Urban Indigenous commercial tobacco use in Canada: our health counts Toronto
St Michael's Hospital, Well Living House, Canada
University of Canberra, Faculty of Health, Australia
University of Toronto, Canada
Publication date: 2018-03-01
Tob. Induc. Dis. 2018;16(Suppl 1):A900

Our Health Counts Toronto uses Indigenous community driven processes to generate a comprehensive health information platform to understand and address critical gaps in urban Indigenous health and tobacco use. Trained local interviewers implemented a survey using Response Driven Sampling among Indigenous adults in Toronto for the generation of population-level prevalence estimates, including information on tobacco use. Statistical analysis was used to characterize and describe the results, determining prevalence of tobacco use by age, sex, education and household income.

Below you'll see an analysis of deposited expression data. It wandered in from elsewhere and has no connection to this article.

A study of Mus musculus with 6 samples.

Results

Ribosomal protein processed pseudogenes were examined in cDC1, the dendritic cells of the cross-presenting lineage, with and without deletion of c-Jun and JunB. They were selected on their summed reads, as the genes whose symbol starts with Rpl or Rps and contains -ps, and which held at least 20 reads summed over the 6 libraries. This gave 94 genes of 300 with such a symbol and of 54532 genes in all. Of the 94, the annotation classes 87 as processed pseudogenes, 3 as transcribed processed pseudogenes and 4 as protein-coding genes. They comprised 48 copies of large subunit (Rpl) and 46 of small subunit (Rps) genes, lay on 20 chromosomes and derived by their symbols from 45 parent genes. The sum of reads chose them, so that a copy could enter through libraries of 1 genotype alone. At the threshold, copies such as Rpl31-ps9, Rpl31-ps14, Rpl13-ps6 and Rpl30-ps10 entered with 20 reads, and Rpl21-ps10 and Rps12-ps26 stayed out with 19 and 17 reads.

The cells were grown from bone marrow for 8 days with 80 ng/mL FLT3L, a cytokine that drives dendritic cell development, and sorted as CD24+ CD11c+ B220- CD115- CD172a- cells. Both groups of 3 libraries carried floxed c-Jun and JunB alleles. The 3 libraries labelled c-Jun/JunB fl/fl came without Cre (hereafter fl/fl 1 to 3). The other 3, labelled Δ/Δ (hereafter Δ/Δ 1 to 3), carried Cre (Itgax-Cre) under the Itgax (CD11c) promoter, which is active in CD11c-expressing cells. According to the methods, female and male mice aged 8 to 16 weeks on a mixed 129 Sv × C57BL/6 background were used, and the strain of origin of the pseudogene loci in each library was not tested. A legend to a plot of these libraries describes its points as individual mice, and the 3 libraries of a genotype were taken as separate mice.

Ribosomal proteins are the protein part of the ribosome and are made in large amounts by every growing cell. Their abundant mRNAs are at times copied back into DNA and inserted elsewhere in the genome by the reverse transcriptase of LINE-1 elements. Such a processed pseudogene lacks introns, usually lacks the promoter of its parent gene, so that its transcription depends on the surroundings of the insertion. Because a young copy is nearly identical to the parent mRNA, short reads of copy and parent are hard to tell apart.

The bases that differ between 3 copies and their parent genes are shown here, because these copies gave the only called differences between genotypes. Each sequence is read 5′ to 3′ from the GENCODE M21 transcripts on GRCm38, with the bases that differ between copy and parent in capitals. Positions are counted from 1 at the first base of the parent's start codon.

This research recruited a sample of 935 Indigenous adults. Preliminary analysis indicated the prevalence of current daily smoking among Indigenous people in Toronto was 62.3% (95%CI:55.0,69.6). Of current smokers, 42.7% (95%CI:33.1,52.3) smoked 11 sticks or more per day, and 53.1% (95%CI:44.1,62.1) of all Indigenous smokers had tried to quit in the last 12 months.

Canada is a signatory to the Framework Convention on Tobacco Control which recognizes the disproportionate harm caused by tobacco use and the need to engage with Indigenous peoples in planning, delivery, and evaluation of tobacco reduction programs and policies. However, the Indigenous population in Toronto continues to experience smoking rates nearly four times greater than the general population. This research highlights the need for recent and accurate population health data to inform tobacco reduction programs and policies; reducing a completely preventable cause of morbidity and mortality.